The leader of Canada's fast-growing meal-kit delivery market is holding firm to plans to go public as early as next year, despite a choppy reception to a spate of rival offerings this year.
However, the founders of Toronto-based Chefs Plate Inc., which generates more than $50-million in annualized revenues, acknowledged their three-year-old startup needs to be profitable before testing the public markets.
"We fundamentally believe that focusing on profitability is getting important and…we have our sights set on that in 2018," said Chefs Plate co-founder and chief strategy officer Patrick Meyer, as the firm disclosed $10-million in new financing from existing investors Acton Capital, Emil Capital and InvestEco Capital as well as Comerica Bank. Chefs Plate also said it now delivers 450,000 meals per month to subscribers across Canada, up 350 per cent since mid-2016. The average Chefs Plate meal costs just over $10 per serving each.
"We're definitely still considering the public markets in 2018 [or] 2019, and we believe we're approaching the proper stage" to go public, said Mr. Meyer, who, like co-founder and chief executive Jamie Shea, is 28. "But we've seen a few other meal-kit companies go prematurely and it's become clear that public investors definitely want to see a strong path to profitability and proven execution."
The grocery business has been redrawn along digital lines this year following Amazon.com's $13.7-billion (U.S.) acquisition of Whole Foods, with Canadian grocers Loblaw Cos. Ltd., Sobeys Inc. and Metro Inc. shifting resources to ecommerce and home delivery.
It has also been a big year for the meal-kit delivery market, a relatively new subsector of ecommerce where players ship prepared ingredients and instructions in refrigerated packages to consumers, who prepare the meals at home. Giants Blue Apron Holdings, Inc. of the U.S. and Germany's HelloFresh SE, as well as Chefs Plate's smaller Canadian rival Goodfood Market Corp., have all gone public since May, while U.S. grocer Albertsons Cos., and several packaged-goods giants have invested in meal-kit startups this year.
Despite forecasts that meal-kit delivery sales will reach $10-billion by 2020, some doubt the market's sustainability, given the heavy marketing spend by industry players and survey results showing many new customers soon drop the services.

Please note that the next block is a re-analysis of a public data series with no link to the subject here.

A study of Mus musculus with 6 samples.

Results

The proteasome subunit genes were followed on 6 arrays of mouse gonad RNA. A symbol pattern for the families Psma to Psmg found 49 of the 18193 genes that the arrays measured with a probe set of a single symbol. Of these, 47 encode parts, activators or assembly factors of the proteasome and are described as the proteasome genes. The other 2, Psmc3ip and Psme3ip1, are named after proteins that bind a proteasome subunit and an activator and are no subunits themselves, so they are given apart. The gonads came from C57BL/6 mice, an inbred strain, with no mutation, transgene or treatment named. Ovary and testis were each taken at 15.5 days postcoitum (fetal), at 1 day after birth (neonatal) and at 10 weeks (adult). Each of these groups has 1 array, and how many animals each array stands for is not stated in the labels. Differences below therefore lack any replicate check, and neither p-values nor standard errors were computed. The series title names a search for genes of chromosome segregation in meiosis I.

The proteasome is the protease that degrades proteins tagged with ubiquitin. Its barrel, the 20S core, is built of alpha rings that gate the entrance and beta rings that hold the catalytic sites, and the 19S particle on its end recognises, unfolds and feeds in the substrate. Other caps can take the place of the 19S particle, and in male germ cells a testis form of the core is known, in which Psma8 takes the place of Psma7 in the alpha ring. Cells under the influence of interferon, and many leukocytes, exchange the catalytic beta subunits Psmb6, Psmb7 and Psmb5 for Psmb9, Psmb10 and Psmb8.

That has been reflected in the cool reception to the three meal-kit IPOs. Blue Apron's June offering price was cut to $10 a share and the stock has since dropped by two-thirds on Nasdaq after it reported a worse-than-expected second-quarter loss and declining customer base and promised to slash marketing costs.
HelloFresh, with 1.3 million active customers, including some in Canada, has seen its stock trade flat since it went public on the Frankfurt Stock Exchange this month. Montreal-based Goodfood has sparked little interest since going public on the TSX via a reverse takeover of a shell company in late spring on the heels of a $21-million subscription receipts offering at $2 per unit. Goodfood's stock price nudged up by 5 per cent Wednesday to $2.10 after the company reported revenue of $7.5-million in the fourth quarter ended Aug. 31, up 16 per cent from the previous quarter and 652-per-cent higher than the same period a year earlier. The company's subscriber base stood at 31,000 at the end of the quarter, up 35 per cent from three months earlier.
Acton Capital venture partner Hannes Blum said despite "a little bit of negative sentiment around the whole space," Chefs Plate can prevail by remaining disciplined on costs, controlling marketing expenditures and discounting "and really scaling up the business in a reasonable way." He said such discipline has been key to the success of Linas Matkasse, the Swedish pioneer in the space, which Acton also backed.
"We have lots of confidence because we've seen that in Europe before," Mr. Blum said. "We always thought mid- to long term it would be the best strategy to work toward profitability and show that you can scale that business without an immense amount of capital….I think we see a bit more urgency right now to prove that we can be profitable."
Chefs Plate also recently hired former Indigo Book and Music supply chain senior vice-president Denny Palarchio as its chief operating officer. Mr. Shea said the company, which expanded nationally this summer, is focused on investing in its technical infrastructure and automating its facilities. He also hopes to expand on early partnerships with consumer packaged goods firms following successful co-branded promotions with Stella Artois and Starbucks.